Buffet of Bites in Brazil’s Bahia
Traditional Brazilian Cuisine
by Andy Jarosz
You don't need books to learn about the history and culture of Bahia, a shockingly beautiful northeastern Brazil. Just bring a healthy appetite, because the food here is intrinsically linked to the identity of this coastal region.
Almost 4 million slaves were brought from Africa into Salvador, Bahia’s captial, before being sent to the sugar plantations, gold mines and coffee plantations throughout Brazil. As a result, modern Bahia is the heart of Brazil's African heritage, and the magic of its food lies in its combination of indigenous and African ingredients, along with a dizzying blend of spices and herbs from the Portuguese colonies of India and Southeast Asia.
"Food is a language to communicate with the gods," Tereza Paim said as she served a plate of moquecac; a flavor-packed fish stew and Bahia's signature dish. Tereza is the owner of Casa de Tereza, recognized as one of Salvador’s finest traditional Bahian restaurants. Having been inspired by her grandmother's cooking, she learned her culinary skills in the restaurants of Europe, before returning and setting up her own business. Now, she owns one of the hippest (and most soulful) restaurants in the city’s Rio Vermelho district. It’s easy to see why—the stew has a broth most would kill for.
Moqueca is a dish that perfectly embodies the cosmopolitan nature of Bahia. The main ingredient is saltwater fish, typically caught in the waters of the bay, which is then mixed with rich coconut milk and dense palm oil—all ingredients brought to the area from Africans. The liquid is flavored with lime, paprika, garlic and chilies, many of which have their roots in Africa and Asia. The mixture is slowly cooked in a terracotta dish, and served with rice and manioc flour—a mainstay indigenous ingredient.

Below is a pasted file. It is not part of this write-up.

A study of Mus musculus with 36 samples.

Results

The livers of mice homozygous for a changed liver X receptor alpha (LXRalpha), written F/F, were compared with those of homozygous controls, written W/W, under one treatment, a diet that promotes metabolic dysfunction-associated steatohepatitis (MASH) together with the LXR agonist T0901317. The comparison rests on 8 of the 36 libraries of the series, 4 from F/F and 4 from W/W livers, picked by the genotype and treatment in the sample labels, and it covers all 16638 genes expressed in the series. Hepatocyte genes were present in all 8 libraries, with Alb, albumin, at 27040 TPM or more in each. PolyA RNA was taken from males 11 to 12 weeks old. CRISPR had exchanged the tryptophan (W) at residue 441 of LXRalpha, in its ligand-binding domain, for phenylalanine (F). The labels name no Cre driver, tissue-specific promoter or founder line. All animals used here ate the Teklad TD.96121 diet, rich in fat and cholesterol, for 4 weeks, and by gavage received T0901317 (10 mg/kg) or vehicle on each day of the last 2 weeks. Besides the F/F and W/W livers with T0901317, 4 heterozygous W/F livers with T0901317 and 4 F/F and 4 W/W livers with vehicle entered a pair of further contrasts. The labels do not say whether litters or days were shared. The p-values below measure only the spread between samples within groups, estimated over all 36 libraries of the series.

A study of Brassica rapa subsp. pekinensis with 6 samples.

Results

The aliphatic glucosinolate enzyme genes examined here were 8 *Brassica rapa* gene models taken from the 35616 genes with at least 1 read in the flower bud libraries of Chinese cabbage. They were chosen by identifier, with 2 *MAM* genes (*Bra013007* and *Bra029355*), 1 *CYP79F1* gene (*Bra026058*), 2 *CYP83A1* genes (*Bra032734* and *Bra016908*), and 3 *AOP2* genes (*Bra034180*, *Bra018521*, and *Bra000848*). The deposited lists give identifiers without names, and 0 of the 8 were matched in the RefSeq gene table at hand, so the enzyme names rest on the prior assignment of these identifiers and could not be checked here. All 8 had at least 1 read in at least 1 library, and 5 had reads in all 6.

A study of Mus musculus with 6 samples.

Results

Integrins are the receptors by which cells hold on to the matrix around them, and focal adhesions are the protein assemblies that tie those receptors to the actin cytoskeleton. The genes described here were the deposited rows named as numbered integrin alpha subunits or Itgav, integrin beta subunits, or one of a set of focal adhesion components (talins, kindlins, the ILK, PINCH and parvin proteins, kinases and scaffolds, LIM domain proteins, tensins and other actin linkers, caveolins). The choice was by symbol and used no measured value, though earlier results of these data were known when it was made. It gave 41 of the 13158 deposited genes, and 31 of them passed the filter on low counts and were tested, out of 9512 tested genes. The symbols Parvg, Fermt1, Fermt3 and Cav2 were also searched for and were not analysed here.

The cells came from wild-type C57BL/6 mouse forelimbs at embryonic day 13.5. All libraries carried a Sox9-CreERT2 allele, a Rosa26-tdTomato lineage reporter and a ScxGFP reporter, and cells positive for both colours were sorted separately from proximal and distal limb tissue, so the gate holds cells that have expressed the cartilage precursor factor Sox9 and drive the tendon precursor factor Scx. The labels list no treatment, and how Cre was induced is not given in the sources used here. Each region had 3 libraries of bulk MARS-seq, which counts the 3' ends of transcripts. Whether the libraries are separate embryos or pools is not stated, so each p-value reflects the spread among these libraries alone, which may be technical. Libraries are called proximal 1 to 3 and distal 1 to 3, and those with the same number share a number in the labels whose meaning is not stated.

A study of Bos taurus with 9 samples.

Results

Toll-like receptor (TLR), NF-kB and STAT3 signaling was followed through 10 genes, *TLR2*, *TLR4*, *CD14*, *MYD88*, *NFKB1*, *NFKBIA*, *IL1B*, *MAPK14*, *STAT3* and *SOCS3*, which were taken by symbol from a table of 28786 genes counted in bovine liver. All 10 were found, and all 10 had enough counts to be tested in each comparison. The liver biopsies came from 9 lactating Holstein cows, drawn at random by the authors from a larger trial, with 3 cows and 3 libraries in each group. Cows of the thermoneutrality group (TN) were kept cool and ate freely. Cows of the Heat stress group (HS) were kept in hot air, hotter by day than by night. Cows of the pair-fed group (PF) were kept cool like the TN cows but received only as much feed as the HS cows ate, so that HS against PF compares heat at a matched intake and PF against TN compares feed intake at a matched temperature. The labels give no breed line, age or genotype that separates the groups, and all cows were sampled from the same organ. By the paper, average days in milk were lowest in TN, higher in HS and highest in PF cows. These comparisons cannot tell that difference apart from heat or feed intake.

Manioc (cassava) is a mainstay of Brazilian cuisine, and you’ll be hard pressed to enjoy a meal that doesn’t feature it in one of its many guises. At the entrance to Salvador's Feira do Sao Joaquim market, you can meet a man who sells nothing but manioc flour from a modest stall which has been a family business for several generations. Behind him are at least 50 large sacks squeezed into a tiny space. As if to confirm the close ties between Bahian food and religion, among the neighboring stalls there's one selling Candomble paraphernalia, including ready-made spells, with names such as “Leave Me” and “Bring Me Customers.”
While moqueca is the most typical Bahian dish on offer in restaurants, the undisputed king of Bahian street food is acaraje. Made from a paste of mashed black-eyed peas, the mixture is deep-fried in dende oil and served with a dried shrimp mixture, a hot chili sauce, or a nutty paste. This humble dish is most visibly served from street carts by ladies in traditional white dresses who ply their trade in the Pelourinho, the tourist-friendly Old Town district of Salvador. Pick one up and you’ll certainly appreciate the crispy fried exteriror and the spicy, pillowy and flavorful inside.
Cuisine’s Connection to Bahian Traditions
While the signature dishes of Bahia celebrate its multicultural roots, it would be wrong to suggest that all Bahian cuisine is tied to this heritage. At Fazenda Santa Cruz, a hilltop farm overlooking the colonial town of Cachoeira and the tobacco plantations of the Rio Paraguacu valley, the owners have set up a rustic restaurant. Succulent steak from the farm's own cattle is paired with homegrown vegetables and served with fried manioc flour and huge portions of pumpkins. It's simple home-cooked food, served in a farmer's garden with a fabulous view of the valley; a far cry from the bustle of Salvador on the other side of the bay, yet every bit as authentic a taste of Bahia as the region's more celebrated dishes.